Coins have been used as currency for centuries, the earliest ones still in existence date back to around 1,000 years before Yeshua. The scriptures make reference to various types of coins such as the lepton, drachma, didrachma, tetradrachma, quadrans, assarius and denarius.
KNI reported on the discovery of an extremely rare gold coin, depicting the Roman Emperor Nero, which was none of the above. It was found just outside Jerusalem’s Old City on Mount Zion and dates back to the middle of the first century.
Coins such as the above have until now been seen only in private collections and their origin is seldom known, according to archaeologists. Given that this coin was unearthed under the auspices of a scientific archaeological excavation, the treasure was exceptional since its findspot was unambiguous.
Now, after further testing and studies, more has come to light about the coin.
It was excavated from rubble and debris near the remains of first century dwellings in the upper city of Jerusalem, where Jewish priests and aristocracy are believed to have lived. Did this coin originally belong to one of them?
Lower and middle class citizens, numbering some 25,000 inhabitants, lived and worked in the thriving and busy lower city, where various traders and merchants supplied the temple with animals for sacrifices, bread for the inner sanctuary and the priests, wood for the fires, incense and other requirements of the priests. Did one of these traders own the coin?
During Passover, Shavuot and Sukkot, pilgrims would sojourn to the Holy City, according to biblical command, and the number of people in the city would swell to between 100,000 and 125,000 people. This would give the city an economic boost and also increase the demand for board, lodging and animals for sacrificing. The privileged would be able to afford accommodation in private homes and inns in the upper city. Did this coin come from a pilgrim?
It appears the majority of pilgrims stayed in tents just outside the city or in Bethany, Bethpage and even as far as Bethlehem, but all those coming up to Jerusalem for one of the three commanded aliyah feasts would use this opportunity to pay first tithes (Leviticus 27:30-33; Numbers 18:26-32), second tithes (Deuteronomy 14:22-26) and a Temple tax (Exodus 30:11-16 Exodus 38:21-31). Did this coin come from one of these payments?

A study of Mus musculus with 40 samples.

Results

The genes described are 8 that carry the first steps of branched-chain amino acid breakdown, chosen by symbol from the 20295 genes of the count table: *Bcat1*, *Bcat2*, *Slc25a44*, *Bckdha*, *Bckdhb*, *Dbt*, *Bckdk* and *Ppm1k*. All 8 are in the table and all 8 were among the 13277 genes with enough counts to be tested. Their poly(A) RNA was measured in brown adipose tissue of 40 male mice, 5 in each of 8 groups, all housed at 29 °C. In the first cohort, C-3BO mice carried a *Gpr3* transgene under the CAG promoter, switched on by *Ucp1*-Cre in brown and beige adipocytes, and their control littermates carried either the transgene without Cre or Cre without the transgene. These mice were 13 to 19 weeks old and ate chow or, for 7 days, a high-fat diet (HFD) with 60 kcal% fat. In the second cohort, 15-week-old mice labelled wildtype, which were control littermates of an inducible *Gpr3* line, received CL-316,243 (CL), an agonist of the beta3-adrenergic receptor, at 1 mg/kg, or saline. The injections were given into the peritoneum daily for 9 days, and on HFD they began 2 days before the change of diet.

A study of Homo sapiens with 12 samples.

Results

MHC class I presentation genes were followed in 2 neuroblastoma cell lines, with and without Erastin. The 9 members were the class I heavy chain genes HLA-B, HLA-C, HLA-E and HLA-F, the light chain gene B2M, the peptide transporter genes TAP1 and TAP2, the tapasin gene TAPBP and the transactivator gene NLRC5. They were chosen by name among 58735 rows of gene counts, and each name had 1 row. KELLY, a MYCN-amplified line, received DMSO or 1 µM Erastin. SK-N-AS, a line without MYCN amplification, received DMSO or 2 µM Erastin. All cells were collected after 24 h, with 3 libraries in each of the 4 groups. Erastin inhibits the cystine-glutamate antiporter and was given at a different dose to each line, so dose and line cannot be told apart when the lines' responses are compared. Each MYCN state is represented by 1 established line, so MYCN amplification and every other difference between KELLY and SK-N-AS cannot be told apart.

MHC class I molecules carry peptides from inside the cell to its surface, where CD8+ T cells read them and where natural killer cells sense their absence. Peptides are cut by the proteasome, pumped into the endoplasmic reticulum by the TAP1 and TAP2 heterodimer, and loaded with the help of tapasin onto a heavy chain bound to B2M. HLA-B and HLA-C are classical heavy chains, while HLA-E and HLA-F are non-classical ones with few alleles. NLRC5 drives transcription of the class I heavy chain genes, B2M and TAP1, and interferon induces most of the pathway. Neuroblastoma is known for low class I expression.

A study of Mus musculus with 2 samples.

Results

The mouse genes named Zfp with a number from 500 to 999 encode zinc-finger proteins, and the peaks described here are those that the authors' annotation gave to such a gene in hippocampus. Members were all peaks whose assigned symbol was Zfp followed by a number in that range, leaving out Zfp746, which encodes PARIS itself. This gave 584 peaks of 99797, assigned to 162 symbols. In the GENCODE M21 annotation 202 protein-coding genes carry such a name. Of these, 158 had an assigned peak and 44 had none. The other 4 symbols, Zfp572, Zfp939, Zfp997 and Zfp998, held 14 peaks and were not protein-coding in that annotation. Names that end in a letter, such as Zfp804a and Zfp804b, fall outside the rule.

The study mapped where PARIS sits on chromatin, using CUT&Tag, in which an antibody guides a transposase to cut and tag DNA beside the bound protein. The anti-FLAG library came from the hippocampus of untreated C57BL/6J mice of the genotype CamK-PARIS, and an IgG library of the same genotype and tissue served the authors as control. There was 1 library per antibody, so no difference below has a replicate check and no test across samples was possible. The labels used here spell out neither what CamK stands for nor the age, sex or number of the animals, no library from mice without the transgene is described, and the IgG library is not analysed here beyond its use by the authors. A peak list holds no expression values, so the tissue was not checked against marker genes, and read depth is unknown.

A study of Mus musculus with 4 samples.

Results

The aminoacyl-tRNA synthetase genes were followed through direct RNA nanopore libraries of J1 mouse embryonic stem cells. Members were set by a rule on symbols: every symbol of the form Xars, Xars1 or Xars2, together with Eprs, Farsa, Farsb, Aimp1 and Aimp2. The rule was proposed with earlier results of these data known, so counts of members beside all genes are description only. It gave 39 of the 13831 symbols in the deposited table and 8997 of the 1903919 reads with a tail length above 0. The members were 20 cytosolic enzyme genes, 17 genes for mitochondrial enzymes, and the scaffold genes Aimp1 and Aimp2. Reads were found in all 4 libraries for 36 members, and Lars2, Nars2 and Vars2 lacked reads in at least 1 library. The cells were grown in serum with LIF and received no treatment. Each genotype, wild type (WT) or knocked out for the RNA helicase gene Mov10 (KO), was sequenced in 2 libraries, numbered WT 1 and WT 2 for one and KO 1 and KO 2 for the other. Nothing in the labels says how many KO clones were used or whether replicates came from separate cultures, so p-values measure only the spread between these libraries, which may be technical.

Roman soldiers were stationed around Jerusalem and sometimes extra reinforcements were called in when the numbers of visitors to the city increased. Did one of these reserve troops bring the coin from Rome?
In all likelihood, the answer to the above questions is no.
When the veil in the Temple tore (Matthew 27:50-51) the sacrificial system was made obsolete and all activities involving the Temple and in Jerusalem began to change. A few years later, Acts 6:7 tells us, “The word of God kept on spreading; and the number of the disciples continued to increase greatly in Jerusalem, and a great many of the priests were becoming obedient to the faith.”
Because the above mentioned practices would have changed by the middle of the first century, the coin probably belonged to a soldier because gold coins were used primarily as military pay. But the timing is important.
The standard gold currency in ancient Rome, called an aureus, was a coin exactly like the one found. Nero was the emperor of Rome between the years 54 to 68. The coin with Nero’s image bears engravings showing that it was minted in 56/57 along with other inscriptions depicting that Nero held the most prestigious religious position at the time. Ten years later, less than 30 years after the veil in the Temple tore, a revolt broke out in Judea.
In 67, Nero dispatched troops to Jerusalem to subdue the Jews. It is possible that one of these soldiers, even possibly General Vespasian who became emperor in 69, brought the coin. The revolt concluded in the year 70 with the Romans burning the Temple and Jerusalem was destroyed.
This unique coin has lain buried there until last month with its mysteries waiting to be discovered.